You may have heard before that consistency is key in sleep training but what does it really mean to be consistent and what happens if you are not? I want to share with you the difference it makes to your child when you are consistent, and the messages you send when you are not.
First, lets look at the dictionary definition of the word:
It is important to be consistent in how you respond to your child in order to be fair to them. If they get inconsistent responses, they do not know where they stand and this can lead to frustration and misbehaving.
A parent will bring her baby into her bed but only around or after 5am when she is too deeply sleepy and too tired to try anything else to get the little one back to sleep. She feels it is the path of least resistance that will enable the whole family more sleep rather than battling with baby and waking everyone up – sound familiar?
This is a problem because babies cannot tell the time and do not understand when it is or is not okay to be taken into mum and dad’s bed. All they understand is that is something they can ‘get’ if they cry so they will wake earlier and earlier and hold out longer for this result because they know it can happen.
So what should you do in this scenario? Follow my advice on early risers for your child’s age and work out the most appropriate way to teach him to fall back to sleep. Yes it is tough work because we are most groggy around the 5am mark but it is a short term pain for a long term gain, I assure you – I’ve done it!
The same applies to boundaries which toddlers are particularly keen to test… If you allow one story at bedtime most nights but occasionally she asks for another one and you agree, you can bet your bottom dollar that she will ask for another and another next time. Then, when you say no and remind her that you only have one story at bedtime, she will be confused and might get angry or frustrated with your attempt to stick to this rule again.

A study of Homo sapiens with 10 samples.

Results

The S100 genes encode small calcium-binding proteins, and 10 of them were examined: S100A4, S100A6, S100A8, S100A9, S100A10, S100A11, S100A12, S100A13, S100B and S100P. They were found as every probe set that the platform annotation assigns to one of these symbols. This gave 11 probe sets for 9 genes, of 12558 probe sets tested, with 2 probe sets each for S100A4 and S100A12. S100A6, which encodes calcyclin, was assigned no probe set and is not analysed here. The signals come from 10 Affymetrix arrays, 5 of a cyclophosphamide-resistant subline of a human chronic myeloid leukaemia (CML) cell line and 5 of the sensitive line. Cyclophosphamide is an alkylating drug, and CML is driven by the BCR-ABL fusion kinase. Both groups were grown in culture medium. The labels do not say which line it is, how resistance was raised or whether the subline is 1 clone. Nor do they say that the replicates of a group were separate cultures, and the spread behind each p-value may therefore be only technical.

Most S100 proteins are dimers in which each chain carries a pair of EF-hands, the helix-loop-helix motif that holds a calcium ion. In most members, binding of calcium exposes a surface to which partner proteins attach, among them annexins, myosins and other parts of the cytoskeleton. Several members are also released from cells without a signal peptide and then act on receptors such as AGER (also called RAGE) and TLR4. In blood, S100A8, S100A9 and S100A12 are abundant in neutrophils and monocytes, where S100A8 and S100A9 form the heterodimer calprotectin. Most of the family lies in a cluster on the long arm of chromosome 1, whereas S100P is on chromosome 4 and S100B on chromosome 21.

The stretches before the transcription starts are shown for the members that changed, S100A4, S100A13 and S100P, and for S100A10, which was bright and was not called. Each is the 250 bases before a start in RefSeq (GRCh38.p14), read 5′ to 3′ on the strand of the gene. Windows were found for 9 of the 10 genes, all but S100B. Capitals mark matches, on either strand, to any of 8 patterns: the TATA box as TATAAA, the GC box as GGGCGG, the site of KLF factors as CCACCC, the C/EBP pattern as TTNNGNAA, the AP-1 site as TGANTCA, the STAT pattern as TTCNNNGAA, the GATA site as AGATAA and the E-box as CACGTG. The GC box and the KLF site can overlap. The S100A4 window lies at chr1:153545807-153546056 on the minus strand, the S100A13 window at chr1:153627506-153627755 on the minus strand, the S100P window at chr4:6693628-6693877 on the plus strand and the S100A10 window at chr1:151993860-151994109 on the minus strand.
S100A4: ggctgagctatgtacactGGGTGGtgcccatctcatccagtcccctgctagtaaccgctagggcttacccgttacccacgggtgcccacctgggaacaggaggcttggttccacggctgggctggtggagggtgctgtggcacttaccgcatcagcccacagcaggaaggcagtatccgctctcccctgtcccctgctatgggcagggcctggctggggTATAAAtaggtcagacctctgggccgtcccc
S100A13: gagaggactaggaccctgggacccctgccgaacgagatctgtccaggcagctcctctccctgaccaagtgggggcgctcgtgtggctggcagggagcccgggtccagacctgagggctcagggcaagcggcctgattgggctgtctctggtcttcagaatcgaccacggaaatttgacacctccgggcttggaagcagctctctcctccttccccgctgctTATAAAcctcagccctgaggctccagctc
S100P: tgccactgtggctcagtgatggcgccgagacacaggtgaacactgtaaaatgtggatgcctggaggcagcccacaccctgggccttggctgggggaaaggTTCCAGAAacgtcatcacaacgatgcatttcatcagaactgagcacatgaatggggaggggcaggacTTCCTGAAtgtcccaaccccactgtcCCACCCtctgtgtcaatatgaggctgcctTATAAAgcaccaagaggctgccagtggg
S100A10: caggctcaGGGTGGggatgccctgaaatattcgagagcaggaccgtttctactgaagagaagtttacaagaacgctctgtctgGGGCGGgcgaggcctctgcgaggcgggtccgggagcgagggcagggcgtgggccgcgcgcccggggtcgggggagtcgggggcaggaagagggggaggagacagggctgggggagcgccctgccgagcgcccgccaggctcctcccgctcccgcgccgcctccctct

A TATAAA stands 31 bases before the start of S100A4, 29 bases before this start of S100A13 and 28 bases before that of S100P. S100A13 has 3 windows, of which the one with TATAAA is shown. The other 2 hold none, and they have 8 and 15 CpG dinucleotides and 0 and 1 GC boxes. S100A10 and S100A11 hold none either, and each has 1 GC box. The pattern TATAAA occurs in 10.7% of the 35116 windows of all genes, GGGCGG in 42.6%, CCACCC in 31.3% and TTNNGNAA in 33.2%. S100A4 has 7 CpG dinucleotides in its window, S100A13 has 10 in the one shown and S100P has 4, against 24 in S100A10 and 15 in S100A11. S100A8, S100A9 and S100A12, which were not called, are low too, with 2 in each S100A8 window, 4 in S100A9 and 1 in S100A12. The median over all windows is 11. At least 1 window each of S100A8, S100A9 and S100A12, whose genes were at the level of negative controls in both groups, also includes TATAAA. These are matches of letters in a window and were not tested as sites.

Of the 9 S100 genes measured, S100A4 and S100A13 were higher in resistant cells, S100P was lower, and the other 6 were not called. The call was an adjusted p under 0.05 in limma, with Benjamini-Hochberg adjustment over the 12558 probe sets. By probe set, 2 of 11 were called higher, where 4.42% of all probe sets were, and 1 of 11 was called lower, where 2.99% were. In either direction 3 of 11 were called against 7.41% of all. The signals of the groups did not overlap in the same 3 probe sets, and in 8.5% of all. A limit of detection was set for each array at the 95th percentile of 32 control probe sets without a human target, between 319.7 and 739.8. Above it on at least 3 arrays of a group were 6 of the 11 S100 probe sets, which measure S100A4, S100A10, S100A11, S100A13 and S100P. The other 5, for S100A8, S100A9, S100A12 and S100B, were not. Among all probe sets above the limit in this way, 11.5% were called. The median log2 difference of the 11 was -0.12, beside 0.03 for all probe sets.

This is called intermittent reinforcement – which basically means that on occasions, you bend the rules and thus reinforce your child’s belief that the rules don’t really stand.
Imagine a parent who decides to ditch the dummy and they explain to their toddler that there is no more dummy and battle through day one without it. Obviously this change is a little unsettling for a young child so they are likely to protest a bit but they will soon accept the change if you stick to your guns and keep moving forward. However, I have known parents do this and then hit a wall where they just cannot take the protesting anymore, so they dig out a dummy they had stashed away and let the child have it. – Disaster! This child has just learned that if he makes enough fuss and noise about it, he will get it back. When this parent decides the dummy really has to go, this child is going to protest even harder and for longer. Either that or he will have the dummy until he goes to school! He also learns that you do not mean what you say which can lead to further behaviour struggles later on if this pattern continues.
I have caught myself saying ‘no’ to something to my children and then reconsidering it and thinking ‘actually, it’s no big deal, I could have said yes to that’ but I remind myself it is too late now and I must stick to my word. If I changed my mind now, my children would learn that after 10x ‘no’ you get a ‘yes’ so just keep nagging, whinging or crying. I like to call this the no no no no no no, oh alright then, mistake.
So we have explored what consistency is and the effects of intermittent reinforcement and you can apply to this to every area of parenting but it is so important when you start to work on sleep training. Be sure about what your plan is so that you can be consistent with it and don’t start something you cannot follow through with.